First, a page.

Descriptive Statistics: mean and median

You don't have to be an expert on statistics: a little goes a long way. Let's learn some basic descriptive statistics formulas and go from there.

Descriptive Statistics Formulas

The Mean

One very important QUANT Statistics idea is the mean. The mean is just the ordinary average: add up all the items on the list, and divide by the number of items. As a formula, that's

\bold{average = \dfrac{sum \space of \space items}{number \space of \space items}}

Notice, we can rewrite that as:

\bold{{sum \space of \space items} = average*{number \space of \space items}}

Rewritten in sum form, it becomes one of the most powerful statistics formulas on the QUANT. For more exotic kinds of averages you may see on descriptive statistics on the QUANT, see this post on Weighted Averages.

The Median

Another important QUANT Statistics idea is the median. When we put the list in ascending order, the median is the middle. If there are an odd number of items on the list, the middle item equals the median: for example, in the seven-element set \{3, 5, 7, 9, 13, 15, 17\}, the median is the fourth number, 9. If there are an even number of items on the list, then the median is the average of the two middle numbers; for example, in the eight-element set \{3, 5, 7, 9, 13, 15, 17, 17\}, the median is 11 (the average of the fourth & fifth entries, 9 and 13). Notice: when the number of items on the list is even, the median can equal a number not on the list. Numbers above and below the median can be equal to the median, and that doesn't change the fact that it's a median; for example, the median of the set \{1, 3, 3, 3, 3, 3, 74, 89, 312\} is just 3, the fifth number of that nine-element set.

Also, notice that an absurdly large number, far away from the rest of the set, such as 312 in this last set, has zero effect on the median, although it would have a big effect on the mean. As long as the middle numbers stays in the middle, changes to the values of the outer numbers has no effect on the median; by contrast, changing any number in the set changes the mean.

Both the mean and the median are “statistical measures of center” — that is, they are different ways of responding to the question “which number is most representative of the set?” The median simply “chunks” the set, whereas the mean “feels” each number. Changing the value a single number, especially toward the high or low end of the set, never changes the median and always would change the mean.


The GMAT loves this statistical measure, because it's so simple. The range is the difference between the maximum value and the minimum value. In the set \{3, 5, 7, 9, 13, 15, 17\}, the range = 17 - 3 = 14. In the set \{1, 3, 3, 3, 3, 3, 74, 89, 312\}, the range = 312 - 1 = 311. Notice that the range, unlike the mean or median, is always positive (it would be zero if the max and min were the same number!) For the range, the only thing that matters is the top and bottom values in the set: those two values are the only two numbers that the range “feels.” We could change the values of almost every number in the middle of the set, and the range would not change at all.

Standard Deviation

The range is a statistical measure of the spread from the highest to the lowest value, but it doesn't “feel” the numbers in between. The standard deviation is also a statistical measure of spread, that is to say, an indication of how far apart the numbers on the list are from each other. Like the mean and unlike the range or median, the standard deviation “feels” every number on the list. It has a technical definition that we can forego here; the majority of appearances of standard deviation on the QUANT revolve around a few simple ideas about it.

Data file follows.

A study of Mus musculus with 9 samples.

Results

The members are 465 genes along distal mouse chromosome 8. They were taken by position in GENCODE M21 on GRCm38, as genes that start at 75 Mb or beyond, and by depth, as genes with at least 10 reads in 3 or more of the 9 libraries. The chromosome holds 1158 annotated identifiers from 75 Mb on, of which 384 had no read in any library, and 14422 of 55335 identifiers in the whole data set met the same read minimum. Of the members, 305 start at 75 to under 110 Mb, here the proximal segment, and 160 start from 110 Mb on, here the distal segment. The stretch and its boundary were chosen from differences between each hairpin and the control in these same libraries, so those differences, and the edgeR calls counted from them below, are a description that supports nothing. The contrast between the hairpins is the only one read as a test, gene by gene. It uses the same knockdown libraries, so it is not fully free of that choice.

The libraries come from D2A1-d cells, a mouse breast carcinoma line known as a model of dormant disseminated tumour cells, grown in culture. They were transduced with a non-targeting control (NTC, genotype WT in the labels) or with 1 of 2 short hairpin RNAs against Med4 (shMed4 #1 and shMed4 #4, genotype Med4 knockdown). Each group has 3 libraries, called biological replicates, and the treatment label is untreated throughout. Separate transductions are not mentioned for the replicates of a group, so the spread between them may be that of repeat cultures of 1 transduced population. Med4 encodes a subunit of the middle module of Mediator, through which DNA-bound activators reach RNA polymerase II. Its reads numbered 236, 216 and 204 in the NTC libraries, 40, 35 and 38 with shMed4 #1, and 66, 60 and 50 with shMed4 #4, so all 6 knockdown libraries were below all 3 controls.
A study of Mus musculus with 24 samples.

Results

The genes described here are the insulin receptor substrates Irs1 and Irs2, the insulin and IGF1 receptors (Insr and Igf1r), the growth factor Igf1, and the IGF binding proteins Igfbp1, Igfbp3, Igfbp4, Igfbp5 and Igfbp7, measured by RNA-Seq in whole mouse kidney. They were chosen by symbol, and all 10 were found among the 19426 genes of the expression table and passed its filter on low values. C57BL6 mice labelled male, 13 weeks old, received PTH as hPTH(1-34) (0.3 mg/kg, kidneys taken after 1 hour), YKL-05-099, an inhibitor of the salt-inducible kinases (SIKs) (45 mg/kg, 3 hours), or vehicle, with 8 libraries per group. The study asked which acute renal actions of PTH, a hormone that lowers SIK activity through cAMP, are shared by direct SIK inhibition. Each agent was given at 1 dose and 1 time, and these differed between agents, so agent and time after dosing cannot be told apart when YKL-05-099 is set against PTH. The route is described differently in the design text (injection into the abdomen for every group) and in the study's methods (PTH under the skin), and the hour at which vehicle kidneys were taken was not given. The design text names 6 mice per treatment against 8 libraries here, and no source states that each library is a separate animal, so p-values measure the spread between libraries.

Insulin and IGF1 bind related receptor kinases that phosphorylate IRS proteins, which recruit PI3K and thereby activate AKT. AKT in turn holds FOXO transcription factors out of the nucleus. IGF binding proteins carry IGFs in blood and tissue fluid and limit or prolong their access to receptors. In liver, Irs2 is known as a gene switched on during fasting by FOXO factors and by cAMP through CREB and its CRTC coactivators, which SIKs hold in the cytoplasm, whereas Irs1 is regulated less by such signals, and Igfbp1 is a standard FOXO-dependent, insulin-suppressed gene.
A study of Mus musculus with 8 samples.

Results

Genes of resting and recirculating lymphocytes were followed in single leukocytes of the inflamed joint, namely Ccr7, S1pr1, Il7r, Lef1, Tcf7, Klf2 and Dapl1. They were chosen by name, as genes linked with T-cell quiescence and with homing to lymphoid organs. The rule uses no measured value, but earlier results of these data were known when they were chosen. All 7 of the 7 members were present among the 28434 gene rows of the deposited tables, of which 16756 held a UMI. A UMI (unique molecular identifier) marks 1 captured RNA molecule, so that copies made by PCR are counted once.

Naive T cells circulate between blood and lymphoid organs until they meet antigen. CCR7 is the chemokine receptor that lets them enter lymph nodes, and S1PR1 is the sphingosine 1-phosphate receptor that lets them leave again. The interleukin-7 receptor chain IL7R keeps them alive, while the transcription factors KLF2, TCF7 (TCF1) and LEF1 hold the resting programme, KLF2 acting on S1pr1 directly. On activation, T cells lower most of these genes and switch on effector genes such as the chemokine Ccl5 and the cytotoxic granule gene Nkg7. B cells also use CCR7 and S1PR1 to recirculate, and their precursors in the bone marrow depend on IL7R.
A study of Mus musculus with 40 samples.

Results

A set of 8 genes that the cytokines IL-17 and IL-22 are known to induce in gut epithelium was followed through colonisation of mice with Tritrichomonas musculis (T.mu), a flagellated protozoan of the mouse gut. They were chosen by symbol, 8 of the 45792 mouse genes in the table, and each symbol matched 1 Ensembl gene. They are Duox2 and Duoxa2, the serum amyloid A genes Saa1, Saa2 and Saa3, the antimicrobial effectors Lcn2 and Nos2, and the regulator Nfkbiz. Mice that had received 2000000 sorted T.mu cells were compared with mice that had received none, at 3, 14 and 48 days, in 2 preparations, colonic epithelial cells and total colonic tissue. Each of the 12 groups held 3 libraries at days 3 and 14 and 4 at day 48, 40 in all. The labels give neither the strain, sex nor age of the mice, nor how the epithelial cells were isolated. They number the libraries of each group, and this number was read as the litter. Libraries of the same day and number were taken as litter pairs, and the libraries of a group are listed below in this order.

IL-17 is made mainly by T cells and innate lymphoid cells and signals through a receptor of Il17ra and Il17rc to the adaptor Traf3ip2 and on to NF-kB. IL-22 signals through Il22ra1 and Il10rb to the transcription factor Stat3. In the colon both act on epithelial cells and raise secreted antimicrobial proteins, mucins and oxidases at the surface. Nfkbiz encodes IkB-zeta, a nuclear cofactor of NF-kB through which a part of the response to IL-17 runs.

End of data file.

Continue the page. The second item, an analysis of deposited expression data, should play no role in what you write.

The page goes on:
See this post for more on standard deviation.

Statistics Practice

If you master these simple ideas, you will dominate on Descriptive Statistics in the QUANT Quantitative section. Here are some QUANT statistics practice questions:

Q1. If \dfrac{4}{w} + \dfrac{4}{x} = \dfrac{4}{y} and wx = y, then the average (arithmetic mean) of w and x is

A. \dfrac{1}{2}

B. 1

C. 2

D. 4

E. 8

The average of w and x is \dfrac{w + x}{2}, and we want to go from \dfrac{4}{w} + \dfrac{4}{x} = \dfrac{4}{y} to something like w + x. To do that we need to put the \dfrac{4}{w} and \dfrac{4}{x} over a common denominator. Multiply the \dfrac{4}{w} by \dfrac{x}{x} and the \dfrac{4}{x} by \dfrac{w}{w}. Now we can combine the terms: \dfrac{4x + 4w}{wx}.

We know that wx=y from the problem, so we can replace the denominator with y. Now multiply both sides by y and get 4x + 4w = 4. Finally, divide every term by 4, and we get x+w=1. Put 1 in the numerator of the average, and we get the answer \dfrac{1}{2}.

Answer = A

Q2. Which data set has the greater standard deviation, data set \space K or data set \space L?

(1) Every element in data set \space K is a multiple of 3.

(2) Every element in data set \space L is a multiple of 9.

A. Statement 1 ALONE is sufficient to answer the question, but statement 2 alone is NOT sufficient.

B. Statement 2 ALONE is sufficient to answer the question, but statement 1 alone is NOT sufficient.

C. BOTH statements 1 and 2 TOGETHER are sufficient to answer the question, but NEITHER statement ALONE is sufficient.

D. Each statement ALONE is sufficient to answer the question.

E. Statement 1 and 2 TOGETHER are NOT sufficient to answer the question.

Answer = E

For more statistics practice questions: Weighted Averages.